Trent Alexander-Arnold has continued the (friendly) war of words with James Maddison, after the Tottenham star's replay dig.
The two players are part of the England squad for the fixtures against Australia and Italy during this international break and Maddison posted a picture of himself alongside Liverpool's vice-caption at St. George's Park with the caption 'Still asking for a replay', referencing Spurs infamous win over the Reds last month.
However, the most controversial moment of the game came in the first half when Luis Diaz's legitimate goal was incorrectly ruled out for offside by referee Simon Hooper, with VAR Darren England failing to communicate that the decision needed to be overturned.
The fallout from that incident led to an apology from refereeing body the PGMOL, while audio from the VAR room was made public to show just how the error occurred.
Such was the unprecedented nature of the blunder, Jurgen Klopp even admitted he believed a replay of the game would be appropriate – though he conceded it was unlikely to happen.
It was Klopp's comment that led to Maddison's replay jibe on England duty, which the midfielder later called 'tongue-in-cheek banter'.
However, asked about his teammate's post by Channel 4, in the build up to the Australia clash, Alexander-Arnold didn't let Maddison off the hook.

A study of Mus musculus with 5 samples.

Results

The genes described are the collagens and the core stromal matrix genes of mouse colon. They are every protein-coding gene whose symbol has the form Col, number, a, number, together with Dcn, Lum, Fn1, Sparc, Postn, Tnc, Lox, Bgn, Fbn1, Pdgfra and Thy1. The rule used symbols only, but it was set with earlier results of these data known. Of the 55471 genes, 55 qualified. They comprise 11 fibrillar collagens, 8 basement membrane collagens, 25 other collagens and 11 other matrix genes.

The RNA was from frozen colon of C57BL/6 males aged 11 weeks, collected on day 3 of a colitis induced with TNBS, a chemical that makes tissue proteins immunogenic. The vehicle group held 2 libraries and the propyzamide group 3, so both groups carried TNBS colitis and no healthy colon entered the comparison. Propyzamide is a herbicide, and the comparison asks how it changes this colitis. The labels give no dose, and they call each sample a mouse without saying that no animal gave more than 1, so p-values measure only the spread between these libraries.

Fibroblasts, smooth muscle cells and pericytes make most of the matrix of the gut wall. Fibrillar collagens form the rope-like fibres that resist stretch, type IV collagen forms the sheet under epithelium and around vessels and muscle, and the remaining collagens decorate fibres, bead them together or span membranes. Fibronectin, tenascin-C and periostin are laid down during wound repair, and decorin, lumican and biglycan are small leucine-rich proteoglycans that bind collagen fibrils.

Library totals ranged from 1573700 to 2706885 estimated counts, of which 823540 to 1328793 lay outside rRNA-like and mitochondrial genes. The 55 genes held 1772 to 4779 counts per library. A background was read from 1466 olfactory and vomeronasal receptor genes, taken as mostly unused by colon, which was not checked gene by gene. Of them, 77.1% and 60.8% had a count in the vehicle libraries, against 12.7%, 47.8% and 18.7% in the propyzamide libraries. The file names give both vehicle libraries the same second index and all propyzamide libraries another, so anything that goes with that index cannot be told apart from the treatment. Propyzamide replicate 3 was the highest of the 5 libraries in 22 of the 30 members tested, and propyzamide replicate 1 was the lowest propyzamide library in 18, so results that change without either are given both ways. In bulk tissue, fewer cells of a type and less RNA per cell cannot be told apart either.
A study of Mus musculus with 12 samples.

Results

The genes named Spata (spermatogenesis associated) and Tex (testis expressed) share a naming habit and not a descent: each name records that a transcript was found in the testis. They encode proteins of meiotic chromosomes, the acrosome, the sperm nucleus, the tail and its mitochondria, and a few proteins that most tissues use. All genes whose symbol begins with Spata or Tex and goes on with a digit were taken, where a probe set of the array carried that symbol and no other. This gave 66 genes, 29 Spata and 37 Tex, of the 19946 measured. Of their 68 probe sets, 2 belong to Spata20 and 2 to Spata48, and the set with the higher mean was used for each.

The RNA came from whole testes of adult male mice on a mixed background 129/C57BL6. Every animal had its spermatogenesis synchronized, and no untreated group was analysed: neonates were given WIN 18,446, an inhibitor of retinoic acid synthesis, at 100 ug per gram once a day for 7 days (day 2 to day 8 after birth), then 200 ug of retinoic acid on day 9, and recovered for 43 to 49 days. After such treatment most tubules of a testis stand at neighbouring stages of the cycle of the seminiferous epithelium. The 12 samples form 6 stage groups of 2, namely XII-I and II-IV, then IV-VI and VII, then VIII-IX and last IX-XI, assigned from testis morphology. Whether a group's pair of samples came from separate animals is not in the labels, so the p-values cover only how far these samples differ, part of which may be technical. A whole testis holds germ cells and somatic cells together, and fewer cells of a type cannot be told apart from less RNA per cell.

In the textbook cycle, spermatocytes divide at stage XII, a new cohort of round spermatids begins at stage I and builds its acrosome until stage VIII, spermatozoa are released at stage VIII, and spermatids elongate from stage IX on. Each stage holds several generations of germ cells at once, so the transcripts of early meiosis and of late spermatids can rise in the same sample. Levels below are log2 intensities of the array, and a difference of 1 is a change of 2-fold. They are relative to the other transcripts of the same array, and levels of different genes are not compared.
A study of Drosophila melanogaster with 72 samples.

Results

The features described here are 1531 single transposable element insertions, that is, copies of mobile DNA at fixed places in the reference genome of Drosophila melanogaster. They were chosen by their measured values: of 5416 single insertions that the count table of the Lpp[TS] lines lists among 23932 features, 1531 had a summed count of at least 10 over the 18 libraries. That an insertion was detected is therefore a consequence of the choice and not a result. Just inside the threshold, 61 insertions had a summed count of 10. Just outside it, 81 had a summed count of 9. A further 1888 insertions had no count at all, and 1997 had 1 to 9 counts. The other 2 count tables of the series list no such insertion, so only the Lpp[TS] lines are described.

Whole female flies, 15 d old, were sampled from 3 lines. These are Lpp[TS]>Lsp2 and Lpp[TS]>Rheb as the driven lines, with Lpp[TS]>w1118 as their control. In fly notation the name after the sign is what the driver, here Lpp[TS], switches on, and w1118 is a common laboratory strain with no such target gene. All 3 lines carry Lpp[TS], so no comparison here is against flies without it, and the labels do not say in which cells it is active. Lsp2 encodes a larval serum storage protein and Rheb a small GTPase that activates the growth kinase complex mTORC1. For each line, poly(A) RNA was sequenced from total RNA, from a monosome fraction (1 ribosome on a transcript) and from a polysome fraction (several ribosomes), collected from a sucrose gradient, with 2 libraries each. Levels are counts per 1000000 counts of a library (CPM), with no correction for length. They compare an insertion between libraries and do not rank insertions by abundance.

"Nah," Alexander-Arnold said when asked about Maddison's caption. "No, he was asking me to teach him how to put a free-kick in the top corner.
"But, I told him, I'd just shown him the video when I scored at Leicester last year and they got relegated."
Maddison was part of the Leicester team that was condemned to relegation just two weeks after their defeat to Liverpool last season.
The 26-year-old former Norwich star completed his £40m move to Spurs this summer after the Foxes dropped down to the Championship.
Despite the rather spiky banter, Alexander-Arnold has insisted he and his team are already over the VAR controversy.
Speaking about the incident and its fallout before Liverpool's recent win over Union Saint-Gilloise, he said: "I think decisions are decisions, sometimes they go for you and sometimes they go against you. What happened on the weekend for us as players and as a team is very disappointing and frustrating. But, like I say, it's passed us. There is nothing we can do as players now; the game has gone.
"We have just got to move forward and put it past us. VAR is a system that is in place, and it is something we can't control as players. We've got to put our trust in the referees and the officials that use it and hope that they get the decisions right, and at times they don't and at times they do. We've just got to hope that they get the decisions right as much as possible."